CBS DRAMAS EXPLOIT THE CATHOLIC CHURCH
Catalyst December Issue 2002
The October 26 edition of the CBS show “The District” was an hour-long drama based on the current scandal in the Catholic Church. Viewers were introduced to molesting priests, diocesan cover-ups and the like. It came on the heels of another CBS show that dealt with the same subject, the October 21 edition of “CSI: Miami.”
“It is one thing to use current issues as the basis of a TV script,” said William Donohue, “quite another to have actors turn directly into the camera to deliver a caustic statement on a world religion.” That is exactly what happened on this episode of ‘The District.’ When detective Temple looked right into the camera and pronounced on the virtue of putting faith in the Lord—but not in an institution—he was offering propaganda designed to denigrate the Catholic Church.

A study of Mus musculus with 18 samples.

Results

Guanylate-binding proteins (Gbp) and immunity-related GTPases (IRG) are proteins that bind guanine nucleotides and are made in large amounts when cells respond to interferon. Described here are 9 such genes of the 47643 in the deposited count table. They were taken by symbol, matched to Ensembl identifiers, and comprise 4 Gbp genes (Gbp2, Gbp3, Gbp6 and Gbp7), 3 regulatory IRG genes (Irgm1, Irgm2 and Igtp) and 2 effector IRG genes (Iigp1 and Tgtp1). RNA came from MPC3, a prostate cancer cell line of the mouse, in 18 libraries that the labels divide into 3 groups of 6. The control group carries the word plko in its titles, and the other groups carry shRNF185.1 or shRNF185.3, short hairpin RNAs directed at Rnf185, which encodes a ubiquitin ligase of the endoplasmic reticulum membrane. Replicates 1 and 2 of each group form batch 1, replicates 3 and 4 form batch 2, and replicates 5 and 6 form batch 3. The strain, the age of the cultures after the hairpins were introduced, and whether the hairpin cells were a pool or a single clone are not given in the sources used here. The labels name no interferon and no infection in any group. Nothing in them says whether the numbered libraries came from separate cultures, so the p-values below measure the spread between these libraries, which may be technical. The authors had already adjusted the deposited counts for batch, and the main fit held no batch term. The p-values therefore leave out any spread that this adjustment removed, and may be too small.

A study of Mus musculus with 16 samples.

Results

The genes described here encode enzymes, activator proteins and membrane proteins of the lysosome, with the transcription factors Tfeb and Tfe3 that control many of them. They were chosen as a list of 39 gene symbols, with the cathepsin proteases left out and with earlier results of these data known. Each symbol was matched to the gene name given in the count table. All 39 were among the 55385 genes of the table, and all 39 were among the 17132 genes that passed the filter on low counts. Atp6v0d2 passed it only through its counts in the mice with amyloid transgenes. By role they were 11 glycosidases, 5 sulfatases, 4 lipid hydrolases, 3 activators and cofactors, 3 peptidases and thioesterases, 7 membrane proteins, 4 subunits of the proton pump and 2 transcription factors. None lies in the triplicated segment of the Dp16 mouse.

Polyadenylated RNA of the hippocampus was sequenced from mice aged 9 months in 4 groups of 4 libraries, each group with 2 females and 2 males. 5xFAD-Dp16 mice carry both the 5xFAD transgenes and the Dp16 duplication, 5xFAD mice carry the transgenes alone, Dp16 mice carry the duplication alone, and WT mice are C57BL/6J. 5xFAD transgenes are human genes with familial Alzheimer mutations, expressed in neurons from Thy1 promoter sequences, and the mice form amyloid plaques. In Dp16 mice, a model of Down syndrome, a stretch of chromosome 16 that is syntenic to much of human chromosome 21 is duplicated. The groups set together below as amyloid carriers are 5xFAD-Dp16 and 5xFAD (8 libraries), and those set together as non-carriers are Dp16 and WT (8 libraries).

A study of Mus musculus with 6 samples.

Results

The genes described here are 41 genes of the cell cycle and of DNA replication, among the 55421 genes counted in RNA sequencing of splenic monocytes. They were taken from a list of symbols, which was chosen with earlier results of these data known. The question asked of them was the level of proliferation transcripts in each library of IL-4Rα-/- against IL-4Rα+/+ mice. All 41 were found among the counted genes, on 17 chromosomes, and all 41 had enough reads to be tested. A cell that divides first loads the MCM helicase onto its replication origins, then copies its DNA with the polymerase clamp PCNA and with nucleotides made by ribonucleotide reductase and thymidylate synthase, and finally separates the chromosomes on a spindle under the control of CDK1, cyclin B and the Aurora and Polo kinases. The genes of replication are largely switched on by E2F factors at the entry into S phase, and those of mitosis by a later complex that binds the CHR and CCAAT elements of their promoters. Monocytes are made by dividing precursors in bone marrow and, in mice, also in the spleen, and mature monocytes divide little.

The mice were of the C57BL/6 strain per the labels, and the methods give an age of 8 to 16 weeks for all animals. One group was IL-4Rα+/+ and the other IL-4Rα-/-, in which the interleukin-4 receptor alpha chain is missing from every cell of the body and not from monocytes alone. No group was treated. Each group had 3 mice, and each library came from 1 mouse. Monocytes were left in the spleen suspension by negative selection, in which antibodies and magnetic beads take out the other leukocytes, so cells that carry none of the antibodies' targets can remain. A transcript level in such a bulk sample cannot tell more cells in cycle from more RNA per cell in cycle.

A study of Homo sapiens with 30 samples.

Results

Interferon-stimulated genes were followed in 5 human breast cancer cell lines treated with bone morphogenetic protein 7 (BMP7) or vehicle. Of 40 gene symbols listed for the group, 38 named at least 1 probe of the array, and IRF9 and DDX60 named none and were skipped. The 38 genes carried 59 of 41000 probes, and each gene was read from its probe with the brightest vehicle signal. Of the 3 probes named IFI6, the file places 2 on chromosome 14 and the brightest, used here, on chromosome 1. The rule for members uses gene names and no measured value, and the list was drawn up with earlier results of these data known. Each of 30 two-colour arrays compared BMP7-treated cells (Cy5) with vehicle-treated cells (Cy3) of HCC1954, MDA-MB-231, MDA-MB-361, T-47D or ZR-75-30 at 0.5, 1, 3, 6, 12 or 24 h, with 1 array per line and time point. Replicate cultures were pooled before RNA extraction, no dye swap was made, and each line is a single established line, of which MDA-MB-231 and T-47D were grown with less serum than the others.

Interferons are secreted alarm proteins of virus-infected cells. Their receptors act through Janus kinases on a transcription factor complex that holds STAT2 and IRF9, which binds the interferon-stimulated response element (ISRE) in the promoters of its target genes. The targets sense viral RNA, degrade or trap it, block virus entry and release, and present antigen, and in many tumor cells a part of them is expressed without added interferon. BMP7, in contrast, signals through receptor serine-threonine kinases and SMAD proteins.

Similarly, there was a scene where detective Debrino was pictured alone, peering into the camera, commenting on celibacy. He opined that the discipline of celibacy is not God-given, but is rather a rule from the Middle Ages mandated by the Vatican to protect its economic assets. He says it is “man who banned sex, not God.”
Donohue commented on this in a news release: “There is a lot of dirt in the news these days about many racial, religious and ethnic groups. But we will not see these current events made the object of a CBS script. Catholic priests are another story. It needs to be said that two-thirds of one percent of Catholic priests have stepped aside this year pending accusations against them. No one knows how many perverts work at CBS, but even if it were determined that the figure exceeded one percent, it is a sure bet it would never morph into a script.”
In short, Donohue’s point is that it’s a lie to say that what CBS is doing is allowing art to imitate life. As a matter of fact, the makers of “CSI: Miami” recently said that they will postpone an episode on a sniper after what happened in the Beltway area. This proves how duplicitous these guys really are.